Tuesday, March 2, 2010

Community Based Social Marketing

In today class Dr. Rick Kool talked about the concept of Community Based Social Marketing. This is a concept of reaching the community, not just by feeding them information for change, but for actually engaging the community in a systematic application of marketing way along with other concepts and techniques to achieve specific behavioral goals for a social good. Social marketing is a great concept, but with any outreach to a community there are advantages and disadvantages that need to be dealt with. The advantages of doing social marketing in a community are that it is most effective when it activates people, it targets those in the community that care and are ready for a change, it’s a strategic and requires efficient use of resource, and its integrate and works on the installment plan. Social marketing is not just another advertisement as a clever slogan or message is portrayed strategically so that it reaches everyone throughout the community. To strategically plan out your concept, you must first know who your audience is and put them at the center of ever decision that is made. Show that audience some action, don’t just walk the walk, but talk the talk. If someone is willing to change their behavior or accept a new one there must be an exchange by you making an offer that is appealing to them.

The making of a new concept is sometimes hard to start and there are ten important questions that must be asked in the initial stages. The ten questions to a successful plan are as follows:

1. What is the social and environmental problems that need to be addressed

2. What actions can be taken to address these problems properly

3. Address who your audience is and how you are asking them to take action

4. What kind of exchange does the audience want for adopting the new behavior

5. How will you make the audience believe what you are offering is real and true

6. Who is your competition and what are they offering opposed to your concept

7. What is the best time and place to reach and intrigue your audience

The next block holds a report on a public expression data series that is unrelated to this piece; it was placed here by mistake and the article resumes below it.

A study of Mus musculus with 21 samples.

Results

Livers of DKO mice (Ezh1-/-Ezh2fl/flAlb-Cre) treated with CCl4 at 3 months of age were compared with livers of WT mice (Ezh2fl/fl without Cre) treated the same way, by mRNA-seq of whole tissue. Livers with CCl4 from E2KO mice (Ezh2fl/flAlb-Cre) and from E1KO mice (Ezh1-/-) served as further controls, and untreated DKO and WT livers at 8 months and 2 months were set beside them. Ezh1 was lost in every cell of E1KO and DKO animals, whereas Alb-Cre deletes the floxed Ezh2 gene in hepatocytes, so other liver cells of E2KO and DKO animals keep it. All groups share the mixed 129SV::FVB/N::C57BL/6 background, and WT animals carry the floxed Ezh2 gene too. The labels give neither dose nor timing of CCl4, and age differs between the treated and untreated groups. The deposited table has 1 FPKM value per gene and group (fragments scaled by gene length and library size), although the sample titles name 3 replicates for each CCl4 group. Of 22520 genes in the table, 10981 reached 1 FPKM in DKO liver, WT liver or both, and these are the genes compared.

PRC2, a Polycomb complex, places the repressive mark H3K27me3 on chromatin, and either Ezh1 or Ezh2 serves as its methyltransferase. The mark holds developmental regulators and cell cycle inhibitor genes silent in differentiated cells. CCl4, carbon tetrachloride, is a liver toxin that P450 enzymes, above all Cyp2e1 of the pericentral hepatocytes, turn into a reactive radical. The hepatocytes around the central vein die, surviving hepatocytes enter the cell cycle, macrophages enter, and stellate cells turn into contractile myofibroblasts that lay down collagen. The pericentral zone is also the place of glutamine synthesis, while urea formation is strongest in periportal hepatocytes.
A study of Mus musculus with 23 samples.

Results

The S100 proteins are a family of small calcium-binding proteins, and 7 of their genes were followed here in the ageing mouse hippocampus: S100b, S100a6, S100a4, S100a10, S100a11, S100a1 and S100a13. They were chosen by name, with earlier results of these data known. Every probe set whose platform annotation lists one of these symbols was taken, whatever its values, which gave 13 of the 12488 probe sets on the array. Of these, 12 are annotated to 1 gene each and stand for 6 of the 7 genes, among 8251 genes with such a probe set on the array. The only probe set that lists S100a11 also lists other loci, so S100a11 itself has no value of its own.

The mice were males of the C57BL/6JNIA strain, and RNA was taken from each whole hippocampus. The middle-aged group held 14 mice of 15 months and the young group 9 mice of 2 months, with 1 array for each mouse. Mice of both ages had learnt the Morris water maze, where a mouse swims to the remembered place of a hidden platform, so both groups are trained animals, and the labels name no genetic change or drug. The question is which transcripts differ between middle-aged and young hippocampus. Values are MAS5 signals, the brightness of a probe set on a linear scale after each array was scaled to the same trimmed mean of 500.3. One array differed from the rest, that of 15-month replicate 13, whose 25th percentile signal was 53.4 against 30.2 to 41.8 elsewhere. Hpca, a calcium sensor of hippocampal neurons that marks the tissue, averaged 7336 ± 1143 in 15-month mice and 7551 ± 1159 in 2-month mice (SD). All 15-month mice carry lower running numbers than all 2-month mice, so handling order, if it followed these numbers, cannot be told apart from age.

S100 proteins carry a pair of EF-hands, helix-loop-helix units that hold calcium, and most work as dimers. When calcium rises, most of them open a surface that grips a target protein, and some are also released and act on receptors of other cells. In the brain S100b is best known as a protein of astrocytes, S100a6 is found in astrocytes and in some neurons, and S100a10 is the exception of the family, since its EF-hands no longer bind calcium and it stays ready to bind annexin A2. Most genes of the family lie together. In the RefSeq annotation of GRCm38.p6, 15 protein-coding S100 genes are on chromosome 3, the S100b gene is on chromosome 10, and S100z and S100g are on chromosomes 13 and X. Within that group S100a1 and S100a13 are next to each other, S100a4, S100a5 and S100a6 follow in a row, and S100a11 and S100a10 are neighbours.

8. How often and from who does the concept have to be presented

9. How can I integrate the audience to influence their behavior

10. Do I have the resources needed to create this concept alone; and if not, where can I find useful partners

After these ten questions have been answered thoroughly, taking every situation into mind, then the planning for your community campaign can be started. The 5 steps of constructing a meaningful campaign are to identifying barriers and benefits such as literature, focus groups, community surveys, stakeholder meetings and by doing market research. The second step is to develop a strategy plan by selecting tools to address these barriers by making commitments, introducing incentives, and by persuasion. The third step is to run a pilot test, evaluate it and adapt to make it work. Pilot projects are they way of taking your strategies to the real world and testing them by measuring your results, evaluating the end result and adjusting to improve the project. The forth step is to implement your project by just doing it, you need to be committed, use prompts to remind your audience, use social norms, provide incentives, scope our your competition and strive to be better than the competition, and make your concept convenient and easy. The fifth and final step is to continuously monitor your concept and adapt it for any necessary changes. If all of these questions and steps are strictly followed and laid out properly, the concept that you are trying to portray to the community should be accepted and succeed. (Kool, 2010)

Kool, D. R. (2010, February 25). Community Based Social Marketing. Victoria, British Columbia, Canada.

1 comment:

  1. "Show that audience some action, don’t just walk the walk, but talk the talk." I'm not sure I get this... talking the talk is what most folks do, but to be effective in persuading someone, to be a credible source for persuasion, people look at two things: perceived expertise and trustworthiness of the source. Part of that trustworthiness is walking the talk!